TILLY Shaw has turned her love of listening to 78rpm gramophone records at gatherings of friends and family into a business playing at parties and events.
The ceramics maker from Darlington, who also runs Fired Up Designs, initially started playing as Seventy Eight Spin – Vintage Gramophone DJ two years ago.
She said: “Firstly it was a hobby then more recently we were encouraged by relatives and friends, after playing at the complex where my mum and dad live, to go into it in a bigger way.
“It’s been great. Everyone has been really pleased and we have changed a hobby into a business.
“I make ceramics and I sell things in galleries, and I was in Stoke when I saw a Frank Sinatra record in a second-hand shop. I had to have it, but I had nothing to play it one so I bought a record player.”
From that initial disc, she has built up a collection of around 2,500 and two HMV wind-up players.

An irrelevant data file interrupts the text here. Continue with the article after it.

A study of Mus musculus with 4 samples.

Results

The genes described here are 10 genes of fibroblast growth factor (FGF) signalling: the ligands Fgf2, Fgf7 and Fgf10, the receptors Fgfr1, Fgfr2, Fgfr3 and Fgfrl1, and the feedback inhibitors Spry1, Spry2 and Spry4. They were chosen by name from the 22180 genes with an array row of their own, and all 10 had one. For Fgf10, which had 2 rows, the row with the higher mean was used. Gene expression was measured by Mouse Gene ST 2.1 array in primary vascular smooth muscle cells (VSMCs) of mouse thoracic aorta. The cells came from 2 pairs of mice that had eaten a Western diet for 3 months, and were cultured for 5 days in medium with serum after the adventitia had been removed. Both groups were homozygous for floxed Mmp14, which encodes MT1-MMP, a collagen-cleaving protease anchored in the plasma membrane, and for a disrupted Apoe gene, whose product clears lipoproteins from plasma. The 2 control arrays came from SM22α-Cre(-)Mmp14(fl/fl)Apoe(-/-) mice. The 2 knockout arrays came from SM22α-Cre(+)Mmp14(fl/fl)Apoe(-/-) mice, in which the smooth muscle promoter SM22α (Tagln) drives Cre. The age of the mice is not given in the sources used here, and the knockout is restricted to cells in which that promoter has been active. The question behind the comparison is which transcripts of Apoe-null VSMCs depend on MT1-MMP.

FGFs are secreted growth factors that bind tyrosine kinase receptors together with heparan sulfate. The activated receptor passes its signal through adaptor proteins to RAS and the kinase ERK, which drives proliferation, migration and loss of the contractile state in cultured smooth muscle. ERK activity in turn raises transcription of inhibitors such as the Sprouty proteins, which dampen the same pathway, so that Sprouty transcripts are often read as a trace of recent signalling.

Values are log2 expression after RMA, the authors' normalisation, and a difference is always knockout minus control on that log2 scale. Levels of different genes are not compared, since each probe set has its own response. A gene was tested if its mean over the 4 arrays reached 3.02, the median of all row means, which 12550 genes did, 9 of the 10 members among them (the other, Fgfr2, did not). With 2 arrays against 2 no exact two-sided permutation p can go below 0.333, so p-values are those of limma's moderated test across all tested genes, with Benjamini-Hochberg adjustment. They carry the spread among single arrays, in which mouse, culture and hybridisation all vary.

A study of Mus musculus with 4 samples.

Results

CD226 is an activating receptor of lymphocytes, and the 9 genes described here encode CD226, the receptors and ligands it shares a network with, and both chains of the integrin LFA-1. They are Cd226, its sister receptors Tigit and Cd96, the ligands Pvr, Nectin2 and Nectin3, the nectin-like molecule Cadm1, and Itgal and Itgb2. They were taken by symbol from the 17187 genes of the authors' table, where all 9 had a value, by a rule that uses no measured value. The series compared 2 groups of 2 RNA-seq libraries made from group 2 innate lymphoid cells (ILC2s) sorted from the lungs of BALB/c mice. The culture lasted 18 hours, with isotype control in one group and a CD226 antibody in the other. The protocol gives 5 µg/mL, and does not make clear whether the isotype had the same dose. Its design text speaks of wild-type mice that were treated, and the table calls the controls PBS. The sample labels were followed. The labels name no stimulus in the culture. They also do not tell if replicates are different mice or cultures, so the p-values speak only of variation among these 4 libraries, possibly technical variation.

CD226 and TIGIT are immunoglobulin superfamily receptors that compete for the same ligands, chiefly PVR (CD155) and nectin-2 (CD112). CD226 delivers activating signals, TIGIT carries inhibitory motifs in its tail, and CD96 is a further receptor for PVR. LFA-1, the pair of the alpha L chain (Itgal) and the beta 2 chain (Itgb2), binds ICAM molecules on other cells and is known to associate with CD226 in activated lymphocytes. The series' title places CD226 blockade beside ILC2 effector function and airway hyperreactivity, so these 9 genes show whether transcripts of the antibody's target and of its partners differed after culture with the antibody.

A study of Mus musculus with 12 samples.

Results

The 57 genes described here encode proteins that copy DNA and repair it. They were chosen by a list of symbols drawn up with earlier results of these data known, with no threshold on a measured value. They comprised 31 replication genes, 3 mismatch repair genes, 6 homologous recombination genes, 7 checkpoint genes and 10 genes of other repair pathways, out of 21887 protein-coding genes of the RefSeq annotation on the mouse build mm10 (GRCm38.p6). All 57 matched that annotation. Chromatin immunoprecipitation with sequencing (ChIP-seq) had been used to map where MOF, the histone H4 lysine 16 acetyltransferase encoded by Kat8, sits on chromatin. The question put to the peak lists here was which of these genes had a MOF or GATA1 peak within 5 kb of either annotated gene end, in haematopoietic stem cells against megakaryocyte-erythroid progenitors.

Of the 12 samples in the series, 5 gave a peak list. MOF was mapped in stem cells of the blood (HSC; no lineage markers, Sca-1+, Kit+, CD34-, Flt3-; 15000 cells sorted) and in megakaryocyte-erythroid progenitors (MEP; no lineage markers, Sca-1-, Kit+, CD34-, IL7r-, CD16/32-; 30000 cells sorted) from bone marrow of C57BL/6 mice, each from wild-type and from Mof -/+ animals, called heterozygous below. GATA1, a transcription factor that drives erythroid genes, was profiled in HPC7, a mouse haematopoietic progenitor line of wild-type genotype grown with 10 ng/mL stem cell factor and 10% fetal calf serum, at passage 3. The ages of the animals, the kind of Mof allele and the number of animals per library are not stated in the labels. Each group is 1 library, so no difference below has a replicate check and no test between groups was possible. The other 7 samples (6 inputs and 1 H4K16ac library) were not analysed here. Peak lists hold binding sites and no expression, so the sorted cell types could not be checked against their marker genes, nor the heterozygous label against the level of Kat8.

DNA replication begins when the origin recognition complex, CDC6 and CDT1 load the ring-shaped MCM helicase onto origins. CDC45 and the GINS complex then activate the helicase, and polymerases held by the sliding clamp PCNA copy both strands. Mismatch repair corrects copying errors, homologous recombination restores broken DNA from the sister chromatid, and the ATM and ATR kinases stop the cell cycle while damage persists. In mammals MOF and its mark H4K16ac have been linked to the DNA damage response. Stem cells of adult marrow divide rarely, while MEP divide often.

“I’ve picked them up in second-hand shops and people have been giving them to us,” said Shaw.
“I want to go further afield and we’ve had enquiries from down South, but the costs in getting there would price us out of the market.
“We’ve done some work at the Baltic and at Eldon Gardens. I’ve done garden parties, community centres, weddings and drinks receptions. Little and large, I’ve done both.”
Gramophones, unlike modern stereos, were not built with volume controls. Different thicknesses of needle are used to adjust the sound and the term ‘put a sock in it’ originated from the method used to turn down the volume.
Shaw has worked with music shops and a sound engineer to combat the issue so she can play to different-sized venues.
She said: “It’s feasible to play the gramophones in small rooms, but you can use amplification to widen the area they can be heard because the speakers are built into them.”
A big fan of anything old-fashioned – she has a collection of old clocks and a wardrobe full of vintage clothing – she has also started pressing wedding bouquets as a commercial venture.
“About 20 years ago, I started to do the Victorian art of pressing flowers and I’ve now started pressing wedding bouquets. I’ve done about eight,” she said.